If I tell what is true for me, how will I be judged? Aren’t we suppose to be forever sucking it up? Aren’t we suppose to pull ourselves up by our bootstraps and do the next right thing? YES. The answer is yes. But can’t it be possible that sucking it up and pulling ourselves up by our bootstraps could be telling our truth. Rather than acting out, getting drunk, hiding our feelings, hiding our past and acting like it all never happened.
After having been in recovery for many years, twenty-one, I have known many people to kill themselves. I wonder how great their pain must have been. I have felt suicidal, but I have never attempted to kill myself. I want to live. I want to continue to have the long periods of good days that I now experience. I want to enjoy my life. And I will.
I know that I will always be plagued by the past. It will always haunt me. How could it be any other way. But it doesn’t have to destroy me. It can get better. I am sure of it. These are the attitudes that he didn’t have. Or maybe he did have. But he sought his freedom in money, whiskey, women and power. He died at fifty four. He looked seventy.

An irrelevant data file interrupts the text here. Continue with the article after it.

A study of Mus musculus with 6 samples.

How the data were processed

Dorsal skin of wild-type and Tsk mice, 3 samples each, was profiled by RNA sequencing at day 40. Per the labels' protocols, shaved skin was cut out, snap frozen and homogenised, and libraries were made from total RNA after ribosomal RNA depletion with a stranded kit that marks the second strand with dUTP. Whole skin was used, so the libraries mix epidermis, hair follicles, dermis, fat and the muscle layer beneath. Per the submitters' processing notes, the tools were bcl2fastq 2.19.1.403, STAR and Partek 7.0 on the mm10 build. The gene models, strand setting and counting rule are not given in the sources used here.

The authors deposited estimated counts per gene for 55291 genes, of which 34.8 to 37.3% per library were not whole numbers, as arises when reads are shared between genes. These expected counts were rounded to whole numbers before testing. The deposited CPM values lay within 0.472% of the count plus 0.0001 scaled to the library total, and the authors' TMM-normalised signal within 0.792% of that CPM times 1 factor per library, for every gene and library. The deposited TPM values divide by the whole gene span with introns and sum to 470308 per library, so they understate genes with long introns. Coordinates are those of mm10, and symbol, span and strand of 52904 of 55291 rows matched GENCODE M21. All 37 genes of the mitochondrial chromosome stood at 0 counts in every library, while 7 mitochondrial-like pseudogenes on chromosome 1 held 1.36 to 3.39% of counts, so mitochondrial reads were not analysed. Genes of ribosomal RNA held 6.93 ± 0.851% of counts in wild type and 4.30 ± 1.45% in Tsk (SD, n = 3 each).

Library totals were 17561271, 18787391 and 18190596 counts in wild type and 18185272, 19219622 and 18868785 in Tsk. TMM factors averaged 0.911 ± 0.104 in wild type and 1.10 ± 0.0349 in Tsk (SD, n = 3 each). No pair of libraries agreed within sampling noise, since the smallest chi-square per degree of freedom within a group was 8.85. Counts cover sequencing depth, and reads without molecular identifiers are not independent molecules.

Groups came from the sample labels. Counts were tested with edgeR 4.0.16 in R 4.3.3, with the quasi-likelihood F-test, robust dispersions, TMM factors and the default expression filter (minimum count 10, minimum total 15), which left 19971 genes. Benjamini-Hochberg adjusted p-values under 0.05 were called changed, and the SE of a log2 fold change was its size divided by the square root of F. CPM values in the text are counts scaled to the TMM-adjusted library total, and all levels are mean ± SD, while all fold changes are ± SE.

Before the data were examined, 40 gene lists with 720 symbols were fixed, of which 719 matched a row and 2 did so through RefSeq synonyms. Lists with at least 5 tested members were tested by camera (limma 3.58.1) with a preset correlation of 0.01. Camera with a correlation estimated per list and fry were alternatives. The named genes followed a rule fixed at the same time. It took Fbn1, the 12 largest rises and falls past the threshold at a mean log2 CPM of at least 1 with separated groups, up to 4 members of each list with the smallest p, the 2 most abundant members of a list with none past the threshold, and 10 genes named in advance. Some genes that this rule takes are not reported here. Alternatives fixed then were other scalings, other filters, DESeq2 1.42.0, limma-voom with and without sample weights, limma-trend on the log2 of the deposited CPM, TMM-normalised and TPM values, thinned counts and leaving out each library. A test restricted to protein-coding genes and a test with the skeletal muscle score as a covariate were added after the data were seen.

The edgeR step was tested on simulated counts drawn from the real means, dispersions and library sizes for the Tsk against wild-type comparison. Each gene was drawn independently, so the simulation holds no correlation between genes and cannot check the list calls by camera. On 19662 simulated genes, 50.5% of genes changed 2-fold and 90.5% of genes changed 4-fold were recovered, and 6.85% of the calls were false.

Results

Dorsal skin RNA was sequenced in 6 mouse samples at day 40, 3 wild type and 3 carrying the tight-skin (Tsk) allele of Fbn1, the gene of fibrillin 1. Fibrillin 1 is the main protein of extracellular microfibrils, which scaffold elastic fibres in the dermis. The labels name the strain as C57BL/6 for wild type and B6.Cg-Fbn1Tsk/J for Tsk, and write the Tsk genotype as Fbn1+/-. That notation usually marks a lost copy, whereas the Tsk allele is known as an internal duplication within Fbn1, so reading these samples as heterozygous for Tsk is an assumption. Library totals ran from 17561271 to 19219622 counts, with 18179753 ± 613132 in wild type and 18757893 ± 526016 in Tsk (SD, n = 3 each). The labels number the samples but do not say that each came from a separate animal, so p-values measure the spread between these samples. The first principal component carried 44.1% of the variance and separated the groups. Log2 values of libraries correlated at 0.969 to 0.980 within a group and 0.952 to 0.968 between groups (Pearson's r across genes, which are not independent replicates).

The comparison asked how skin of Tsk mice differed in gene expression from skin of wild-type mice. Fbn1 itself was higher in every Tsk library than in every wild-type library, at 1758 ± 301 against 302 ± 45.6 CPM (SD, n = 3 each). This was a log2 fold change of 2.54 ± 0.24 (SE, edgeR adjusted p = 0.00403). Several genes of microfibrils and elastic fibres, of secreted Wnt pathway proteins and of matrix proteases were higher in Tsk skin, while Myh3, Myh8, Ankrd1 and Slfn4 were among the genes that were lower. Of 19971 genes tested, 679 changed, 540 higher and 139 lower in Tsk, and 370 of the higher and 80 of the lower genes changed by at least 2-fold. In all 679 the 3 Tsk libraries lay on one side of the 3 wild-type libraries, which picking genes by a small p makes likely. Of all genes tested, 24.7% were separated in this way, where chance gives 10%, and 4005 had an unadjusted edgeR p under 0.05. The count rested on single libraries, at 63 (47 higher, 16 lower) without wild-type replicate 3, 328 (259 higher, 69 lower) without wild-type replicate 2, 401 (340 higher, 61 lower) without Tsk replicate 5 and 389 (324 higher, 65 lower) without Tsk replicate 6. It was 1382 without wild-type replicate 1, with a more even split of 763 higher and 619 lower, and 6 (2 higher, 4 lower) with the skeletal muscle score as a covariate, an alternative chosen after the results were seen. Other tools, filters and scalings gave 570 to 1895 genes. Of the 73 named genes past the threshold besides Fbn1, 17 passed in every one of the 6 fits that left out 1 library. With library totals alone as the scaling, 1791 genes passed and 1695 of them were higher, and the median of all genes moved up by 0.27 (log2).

Some would have said that he was a successful and self made man. Unfortunately, I will never be able to share that viewpoint. I am suppose to stick to my story. I can remember the last beating that he gave me. I was sixteen. A friend was there to witness it. I stood there and stared off and tried to not look at my friend. The belt was not a surprise and I was numb to pain. I don’t think I even flinched. I think that is where my story truly begins.Where does one go from there. My life started out shattered and numb.
At sixteen I already was dependent on alcohol. Maybe not physically but certainly psychologically. I had a love affair with drugs and a habit of running away from all of my problems. And every problem that I had was unsolvable and insurmountable. I would try. I would put my best foot forward. I would ask questions and inevitably be confused and confounded by life. People would tell me to do my best and that would be good enough. Nothing would hang me up intellectually, more, than the thought of what is my best.I had Catholic rules and Catholic guilt emblazoned on my brain like a ranch brand. I had family loyalty. All of the don’t do, don’t say, don’t tell. I had secrets of which I had practiced burials. I was shot-out from the beginning.